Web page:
The Stresses Faced by Flight Attendants

INSIDE EDITION reports on the increasing pressure flight attendants face in their jobs to ensure everyone has a safe flight.

Flight attendant Steve Slater lives in a modest ground floor apartment in Belle Harbor, Long Island, just a few miles away from JFK airport where authorities say he infamously freaked out. 

So what is it about a flight attendants job that would cause a guy like Slater to totally lose his cool? Plenty of cabin pressure!

The sometimes contentious relationship between passenger and flight attendants is a pop culture standard. There was this scene in the hit comedy Meet the Parents

A flight attendant character says to Ben Stiller's character, "Sorry sir, you're going to have to check that."

"No, I'm not checking it," said Ben Stiller's character.

And this classic episode of Seinfeld:

"Can I get back to my seat?" said Elaine.

"You're going to have to wait," said the flight attendant character.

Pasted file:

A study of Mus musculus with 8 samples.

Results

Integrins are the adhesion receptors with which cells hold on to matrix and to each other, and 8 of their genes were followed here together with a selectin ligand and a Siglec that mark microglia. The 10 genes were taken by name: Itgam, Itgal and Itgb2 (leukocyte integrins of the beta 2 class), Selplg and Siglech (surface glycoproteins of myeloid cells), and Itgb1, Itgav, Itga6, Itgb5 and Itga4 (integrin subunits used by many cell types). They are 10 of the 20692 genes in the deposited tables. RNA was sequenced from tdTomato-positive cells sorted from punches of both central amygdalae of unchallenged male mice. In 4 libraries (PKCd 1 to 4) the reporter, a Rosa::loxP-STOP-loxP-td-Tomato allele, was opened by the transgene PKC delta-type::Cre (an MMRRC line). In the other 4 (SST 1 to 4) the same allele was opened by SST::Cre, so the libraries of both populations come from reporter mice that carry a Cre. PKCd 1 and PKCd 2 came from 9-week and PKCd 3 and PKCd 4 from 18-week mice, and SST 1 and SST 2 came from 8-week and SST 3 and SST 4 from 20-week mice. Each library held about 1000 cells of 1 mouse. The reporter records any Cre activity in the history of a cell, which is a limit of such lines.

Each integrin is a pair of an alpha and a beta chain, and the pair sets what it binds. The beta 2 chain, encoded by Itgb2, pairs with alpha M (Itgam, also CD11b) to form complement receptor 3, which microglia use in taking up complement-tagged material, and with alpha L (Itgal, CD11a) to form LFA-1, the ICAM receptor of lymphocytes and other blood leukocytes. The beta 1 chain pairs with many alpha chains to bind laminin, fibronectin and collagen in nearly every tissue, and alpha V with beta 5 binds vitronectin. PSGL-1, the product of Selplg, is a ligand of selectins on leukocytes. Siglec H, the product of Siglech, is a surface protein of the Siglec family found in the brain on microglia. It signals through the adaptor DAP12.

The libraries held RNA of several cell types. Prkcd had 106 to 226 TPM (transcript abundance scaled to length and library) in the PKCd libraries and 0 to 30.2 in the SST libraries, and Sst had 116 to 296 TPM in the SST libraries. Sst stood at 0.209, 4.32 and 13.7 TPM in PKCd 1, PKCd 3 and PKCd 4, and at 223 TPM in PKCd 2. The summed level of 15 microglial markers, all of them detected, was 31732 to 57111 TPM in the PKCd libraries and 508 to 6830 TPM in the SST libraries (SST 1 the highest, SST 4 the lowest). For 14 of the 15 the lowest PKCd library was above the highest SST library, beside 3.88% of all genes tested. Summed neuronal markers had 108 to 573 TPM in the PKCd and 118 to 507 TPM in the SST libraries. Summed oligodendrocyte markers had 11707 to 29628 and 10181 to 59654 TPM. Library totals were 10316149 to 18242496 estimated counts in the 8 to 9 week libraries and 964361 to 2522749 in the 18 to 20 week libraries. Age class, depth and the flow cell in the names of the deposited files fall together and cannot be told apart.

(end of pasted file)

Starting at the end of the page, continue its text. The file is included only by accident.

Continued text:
And if they're not being poked fun at as super stringent rule enforcers, flight attendants are being mocked as flakey and ditzy.  And always offering service with a smile.

In years past, sex appeal has been a big part of the job, a trend that seems to be resurfacing with the new reality show Fly Girls, all about five young Virgin America attendants.

But despite the stereotypes, flight attendants do much more than serve coffee and peanuts.

Veda Shook of the Association of Flight Attendants said, "It's life threatening emergencies for health, terrorists threats, accidents, evacuations, that's our primary role -- is to be there to ensure that you have a safe experience."

Their high stress jobs can mean the difference between life and death—something proven by the miracle on the Hudson—where the captain and the cabin crew were credited for saving all of the passengers lives.

Experts say the job has become increasingly more challenging in recent years.

"In general there's a heightened awareness.  So certainly, it's like you can't just zip up like Doris Day to the airport, be dropped off like a princess, cruise in and step on an aircraft.  It's not like that anymore," said Shook.

It seems all that cabin pressure caught up with this now famous flight attendant.